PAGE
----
Our guest blog reviewer foregrounds the voices of educators trying to make sense of racism, highlights attempts to heal divisions in early years and listens to one woman’s experience of being a CEO

 

Why 1963?

@Arv_Kaushal

Recent events have distressed many of us, but out of the horror a growing chorus of BAME educators are offering honest, heartfelt reflections on how we can do better to tackle inequalities – none more so than maths teacher Arv Kaushal.

This post on the #BAMEintoleadership blog resonated at a hugely personal level, as my father too arrived alone in the UK from Punjab in 1963. Kaushal’s mother is the spitting image of my own and shared the same passions. This tribute to a generation who uprooted their lives to respond to a call from the UK is a must-read. Centred on Kaushal’s father, a teacher and son of a teacher, it explores how they did what was necessary to build a future for their families.

Kaushal’s father did not make it back to the classroom after moving here, but he never stopped being a teacher. The blog ends with a reflection on the ongoing fight for a more inclusive society. It suggests we should ask ourselves whether our policies or decisions are fair, not whether we have “double-checked we have covered our backs”. No more tick-box exercises please.

 

Is there internal conflict within the EYs sector?

@Valerie_JKD

Early years is often seen as the poor cousin in education, often patronised and misunderstood on social media. This slightly longer read has been an education for me. Understanding EY’s complexities through this honest reflection of the issues it faces is crucial to all parties working to effect change. Getting early years right is crucial as it is the foundation for the rest. As Dr Valerie Daniel says: “Let’s do something about it.”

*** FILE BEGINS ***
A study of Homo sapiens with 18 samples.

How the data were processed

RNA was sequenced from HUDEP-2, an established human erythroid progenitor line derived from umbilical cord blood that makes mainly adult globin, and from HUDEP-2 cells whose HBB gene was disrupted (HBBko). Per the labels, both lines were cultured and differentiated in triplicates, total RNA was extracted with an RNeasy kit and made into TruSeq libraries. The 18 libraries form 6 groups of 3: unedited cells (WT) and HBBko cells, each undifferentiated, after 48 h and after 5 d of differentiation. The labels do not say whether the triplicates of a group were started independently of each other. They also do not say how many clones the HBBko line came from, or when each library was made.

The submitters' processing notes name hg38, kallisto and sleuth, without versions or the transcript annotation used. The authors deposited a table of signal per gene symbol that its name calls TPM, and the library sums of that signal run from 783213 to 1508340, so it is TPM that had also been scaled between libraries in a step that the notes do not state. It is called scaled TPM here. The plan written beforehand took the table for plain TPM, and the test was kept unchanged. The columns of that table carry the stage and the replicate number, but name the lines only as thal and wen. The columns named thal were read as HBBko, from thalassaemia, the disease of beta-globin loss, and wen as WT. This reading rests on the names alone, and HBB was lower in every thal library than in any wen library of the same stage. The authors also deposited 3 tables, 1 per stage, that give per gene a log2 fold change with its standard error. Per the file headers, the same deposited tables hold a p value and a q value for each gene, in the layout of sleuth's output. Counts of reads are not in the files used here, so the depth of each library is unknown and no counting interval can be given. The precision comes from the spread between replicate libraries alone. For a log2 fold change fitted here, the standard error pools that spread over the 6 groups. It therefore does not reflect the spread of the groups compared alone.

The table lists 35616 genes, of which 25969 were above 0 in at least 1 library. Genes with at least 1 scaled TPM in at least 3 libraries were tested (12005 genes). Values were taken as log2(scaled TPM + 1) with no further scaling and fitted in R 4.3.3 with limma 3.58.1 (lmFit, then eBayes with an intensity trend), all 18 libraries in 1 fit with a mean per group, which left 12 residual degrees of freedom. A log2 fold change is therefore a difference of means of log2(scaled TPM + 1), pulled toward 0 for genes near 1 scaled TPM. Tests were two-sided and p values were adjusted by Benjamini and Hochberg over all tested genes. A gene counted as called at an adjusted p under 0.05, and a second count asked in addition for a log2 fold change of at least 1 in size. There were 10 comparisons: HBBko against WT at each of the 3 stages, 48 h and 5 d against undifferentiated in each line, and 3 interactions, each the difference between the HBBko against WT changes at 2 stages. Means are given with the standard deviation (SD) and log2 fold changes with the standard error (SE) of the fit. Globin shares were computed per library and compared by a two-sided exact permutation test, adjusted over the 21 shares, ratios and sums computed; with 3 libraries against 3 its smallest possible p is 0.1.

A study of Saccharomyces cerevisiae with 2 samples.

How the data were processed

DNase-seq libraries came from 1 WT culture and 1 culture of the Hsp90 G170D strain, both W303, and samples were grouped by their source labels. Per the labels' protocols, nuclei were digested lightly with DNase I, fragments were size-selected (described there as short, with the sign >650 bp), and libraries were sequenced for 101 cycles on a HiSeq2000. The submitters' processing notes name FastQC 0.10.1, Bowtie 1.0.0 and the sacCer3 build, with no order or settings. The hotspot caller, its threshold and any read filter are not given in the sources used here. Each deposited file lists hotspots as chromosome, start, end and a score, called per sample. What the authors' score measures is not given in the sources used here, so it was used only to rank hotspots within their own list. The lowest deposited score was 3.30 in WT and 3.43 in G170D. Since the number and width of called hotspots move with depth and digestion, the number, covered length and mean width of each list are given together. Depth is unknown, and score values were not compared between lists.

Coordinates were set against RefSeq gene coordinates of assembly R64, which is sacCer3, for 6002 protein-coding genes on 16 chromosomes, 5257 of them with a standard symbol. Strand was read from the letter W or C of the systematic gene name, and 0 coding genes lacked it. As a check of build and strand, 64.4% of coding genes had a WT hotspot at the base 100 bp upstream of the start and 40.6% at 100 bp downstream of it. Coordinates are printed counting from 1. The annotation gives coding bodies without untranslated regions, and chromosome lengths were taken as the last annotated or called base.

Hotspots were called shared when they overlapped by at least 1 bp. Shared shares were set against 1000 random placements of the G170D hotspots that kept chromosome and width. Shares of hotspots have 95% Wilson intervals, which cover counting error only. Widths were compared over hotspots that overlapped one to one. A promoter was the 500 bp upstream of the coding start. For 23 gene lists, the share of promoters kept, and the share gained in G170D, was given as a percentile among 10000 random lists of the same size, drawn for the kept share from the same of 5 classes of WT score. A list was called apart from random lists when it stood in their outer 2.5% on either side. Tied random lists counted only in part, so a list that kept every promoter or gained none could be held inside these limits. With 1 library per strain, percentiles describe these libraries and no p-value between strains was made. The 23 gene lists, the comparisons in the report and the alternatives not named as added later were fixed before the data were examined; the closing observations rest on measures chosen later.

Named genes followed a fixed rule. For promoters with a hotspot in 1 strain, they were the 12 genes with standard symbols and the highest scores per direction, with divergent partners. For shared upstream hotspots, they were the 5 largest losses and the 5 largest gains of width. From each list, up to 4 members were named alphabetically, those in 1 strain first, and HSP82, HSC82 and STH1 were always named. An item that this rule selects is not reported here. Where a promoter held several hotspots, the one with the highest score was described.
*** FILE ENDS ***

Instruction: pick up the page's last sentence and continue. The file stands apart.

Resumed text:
Deeds, not words – parts 1 and 2

@nickdennis

Nick Dennis has written two highly recommended blogs for everyone in education, but especially school/academy leaders, governors and trustees. They offer excellent questions for us to reflect on, and suggestions for how we can do better and evaluate whether the policies we implement work for those they are designed to serve. Among so much theoretical exploration of structural racism, I love the practical nature of these posts. I have no doubt they will be of use to all who read them.

 

Addressing equality and diversity collaboratively in schools

@Reah_banton

Reah Banton is a new voice for me and I already want to hear more from her. Her well-balanced, reasoned take speaks for many of us, including white colleagues who will recognise this: “Silence is a major issue. The ability to speak openly and freely is heavily tainted with fear and judgment.” This could just as easily be about a number of issues pertaining to school cultures, as about racism and equality. As school leaders, we should be ensuring the cultures, values and ethos of our organisations support open, honest dialogue between all stakeholders.

 

Doing nothing is not an option

@richardjholme

This powerful blog is from a white ally who has decided it is time to speak up. While Richard Holme writes from the perspective of higher education – specifically universities “where senior leaders are heavily over-represented by the male, stale, pale brigade” – his blog is just as relevant to school and academy leaders. But it is about more than an easy calling-out of evident inequality. It is about Holme accepting his journey is just at the start.

 

B®ick in the wall

@BrickInTheWallPod

Paul and Greg’s weekly podcast is a definite positive to come out of lockdown. Their interview with Claire Cuthbert on her journey as a chief executive will be of interest to women aspiring to CEOship. Listen to the hysterical confession at the end. You won’t be disappointed.